GOOD HEALTH: Burning Throat Pain Could Signal Angina
DEAR DR. DONOHUE: I read your column all the time, and I was wondering if anyone has ever written to ask a question about burning in the throat. I was a smoker for years. It’s been five months since I have had a cigarette. This throat burning occurs when I walk or try to exercise or even carry laundry. I would like to know what it means. It feels like hot ice in my throat. — F.R.
ANSWER: I don’t want to alarm you, but I will breathe more easily if you see a doctor very soon. What you describe could be a sign of angina, pain caused by the narrowing of a heart artery or arteries.
More often, people describe angina as chest tightness or discomfort that occurs when they’re active, as in walking, exercising or carrying laundry, and then lets up when they stop. The variations on angina pain are many. It can be felt as jaw pain, shoulder and arm pain (on the left more often than the right) or neck pain. People use words like “squeezing,” “crushing” or “suffocating.” Some say it feels like throat tightness. Burning throat pain could be another variant of angina.
Do see a doctor quickly. Stop doing things that bring on this pain until you do.
The booklet on angina and coronary artery disease explains this common malady and how it’s treated. Readers can obtain a copy by writing: Dr. Donohue — No. 101W, Box 536475, Orlando, FL 32853-6475. Enclose a check or money order (no cash) for $4.75 U.S./$6 Canada with the recipient’s printed name and address. Please allow four weeks for delivery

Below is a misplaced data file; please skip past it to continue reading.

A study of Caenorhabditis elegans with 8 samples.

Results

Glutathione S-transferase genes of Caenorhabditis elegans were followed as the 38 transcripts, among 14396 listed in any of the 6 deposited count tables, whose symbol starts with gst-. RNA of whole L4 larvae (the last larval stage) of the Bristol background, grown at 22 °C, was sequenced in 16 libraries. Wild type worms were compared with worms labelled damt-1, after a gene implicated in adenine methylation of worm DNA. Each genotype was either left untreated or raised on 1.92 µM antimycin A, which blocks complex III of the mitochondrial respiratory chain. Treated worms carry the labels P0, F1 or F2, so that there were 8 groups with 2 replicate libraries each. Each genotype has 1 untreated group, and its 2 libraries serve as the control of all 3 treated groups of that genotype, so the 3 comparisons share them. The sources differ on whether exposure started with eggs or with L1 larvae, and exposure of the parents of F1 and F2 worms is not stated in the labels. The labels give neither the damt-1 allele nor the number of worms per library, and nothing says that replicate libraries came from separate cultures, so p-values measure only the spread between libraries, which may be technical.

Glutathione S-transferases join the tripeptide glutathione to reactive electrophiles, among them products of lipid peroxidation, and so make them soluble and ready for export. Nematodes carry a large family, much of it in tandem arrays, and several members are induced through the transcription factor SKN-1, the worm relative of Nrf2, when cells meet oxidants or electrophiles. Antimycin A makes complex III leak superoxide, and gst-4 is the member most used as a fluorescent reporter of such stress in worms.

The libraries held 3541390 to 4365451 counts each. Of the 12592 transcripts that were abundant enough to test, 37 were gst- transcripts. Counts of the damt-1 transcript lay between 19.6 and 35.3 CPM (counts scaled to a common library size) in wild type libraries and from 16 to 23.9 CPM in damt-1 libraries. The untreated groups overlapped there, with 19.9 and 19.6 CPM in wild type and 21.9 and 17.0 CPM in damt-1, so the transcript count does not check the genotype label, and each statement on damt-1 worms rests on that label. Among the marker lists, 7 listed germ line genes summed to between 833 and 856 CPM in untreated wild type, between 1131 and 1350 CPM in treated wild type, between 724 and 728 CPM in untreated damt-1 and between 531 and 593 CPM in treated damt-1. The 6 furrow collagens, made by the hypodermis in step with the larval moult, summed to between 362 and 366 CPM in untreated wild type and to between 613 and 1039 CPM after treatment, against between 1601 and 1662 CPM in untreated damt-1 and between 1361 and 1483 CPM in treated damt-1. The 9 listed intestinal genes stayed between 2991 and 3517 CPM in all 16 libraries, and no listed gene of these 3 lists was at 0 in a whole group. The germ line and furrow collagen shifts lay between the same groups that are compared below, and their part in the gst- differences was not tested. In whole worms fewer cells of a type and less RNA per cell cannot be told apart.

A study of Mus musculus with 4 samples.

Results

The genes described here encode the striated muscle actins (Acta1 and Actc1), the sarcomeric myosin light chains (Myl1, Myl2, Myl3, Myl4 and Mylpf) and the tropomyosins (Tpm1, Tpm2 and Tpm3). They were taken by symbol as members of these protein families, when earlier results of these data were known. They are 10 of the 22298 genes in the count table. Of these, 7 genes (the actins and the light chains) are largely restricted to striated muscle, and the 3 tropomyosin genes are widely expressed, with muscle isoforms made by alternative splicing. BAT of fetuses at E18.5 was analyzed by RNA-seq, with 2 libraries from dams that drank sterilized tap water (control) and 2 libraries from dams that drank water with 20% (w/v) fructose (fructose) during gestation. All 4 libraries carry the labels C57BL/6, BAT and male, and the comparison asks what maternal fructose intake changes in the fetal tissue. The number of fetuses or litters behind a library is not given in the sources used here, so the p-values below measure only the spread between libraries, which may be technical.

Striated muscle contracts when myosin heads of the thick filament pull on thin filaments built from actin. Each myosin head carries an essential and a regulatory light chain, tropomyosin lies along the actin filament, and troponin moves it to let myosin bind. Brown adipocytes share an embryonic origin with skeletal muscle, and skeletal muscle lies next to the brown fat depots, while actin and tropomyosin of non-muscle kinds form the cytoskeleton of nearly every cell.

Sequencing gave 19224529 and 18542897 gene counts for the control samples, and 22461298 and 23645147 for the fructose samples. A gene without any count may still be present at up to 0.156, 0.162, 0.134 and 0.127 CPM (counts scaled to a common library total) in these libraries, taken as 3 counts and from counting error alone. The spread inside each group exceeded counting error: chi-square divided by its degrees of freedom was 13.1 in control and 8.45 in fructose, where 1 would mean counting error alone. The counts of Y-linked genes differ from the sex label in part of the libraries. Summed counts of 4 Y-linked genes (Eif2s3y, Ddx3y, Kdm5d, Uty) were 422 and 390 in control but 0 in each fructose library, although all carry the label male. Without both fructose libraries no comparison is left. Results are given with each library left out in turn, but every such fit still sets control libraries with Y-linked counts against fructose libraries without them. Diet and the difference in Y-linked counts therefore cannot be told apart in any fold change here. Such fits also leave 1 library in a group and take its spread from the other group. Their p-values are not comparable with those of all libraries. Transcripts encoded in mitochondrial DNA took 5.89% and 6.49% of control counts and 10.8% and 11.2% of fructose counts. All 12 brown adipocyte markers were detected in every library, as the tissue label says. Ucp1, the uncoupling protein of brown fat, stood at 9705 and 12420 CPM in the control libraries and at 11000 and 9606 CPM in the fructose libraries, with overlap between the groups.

DEAR DR. DONOHUE: My daughter is on Effexor for depression. She’s been on it for six months, and actually is doing quite well. She’s able to handle her job and take care of her family. Does she take this medicine for life? I worry about addiction and what it might be doing to her brain. — N.M.
ANSWER: Antidepressants are not addicting. They don’t damage the brain. What they do is restore normal brain chemistry. An imbalance in brain messenger chemicals is believed to lead to depression.
Your daughter’s doctor will tell her when she can stop taking the medicine. If a person relapses into another depression after stopping medicine, then she should take antidepressants for a more prolonged period, possibly for life.
DEAR DR. DONOHUE: I think my husband is an alcoholic. He’s not abusive, but his consumption of alcohol is more than a six-pack of beer a day, and sometimes whiskey. He usually falls asleep in a chair. My sister tells me the cage test can diagnose alcoholism. What is it, and where can he get it done? He won’t talk about these things to me. — C.L.
ANSWER: It’s not a lab test. It’s four questions. They are: 1) Have you ever felt the need to Cut down on your drinking? 2) Are you Annoyed when people criticize your drinking? 3) Do you ever feel Guilty about your drinking? 4) Have you ever taken a drink first thing in the morning as an Eye-opener?
Two “yes” answers indicate alcoholism. It’s a simple but reliable test.
Dr. Donohue regrets that he is unable to answer individual letters, but he will incorporate them in his column whenever possible. Readers may write him or request an order form of available health newsletters at P.O. Box 536475, Orlando, FL 32853-6475.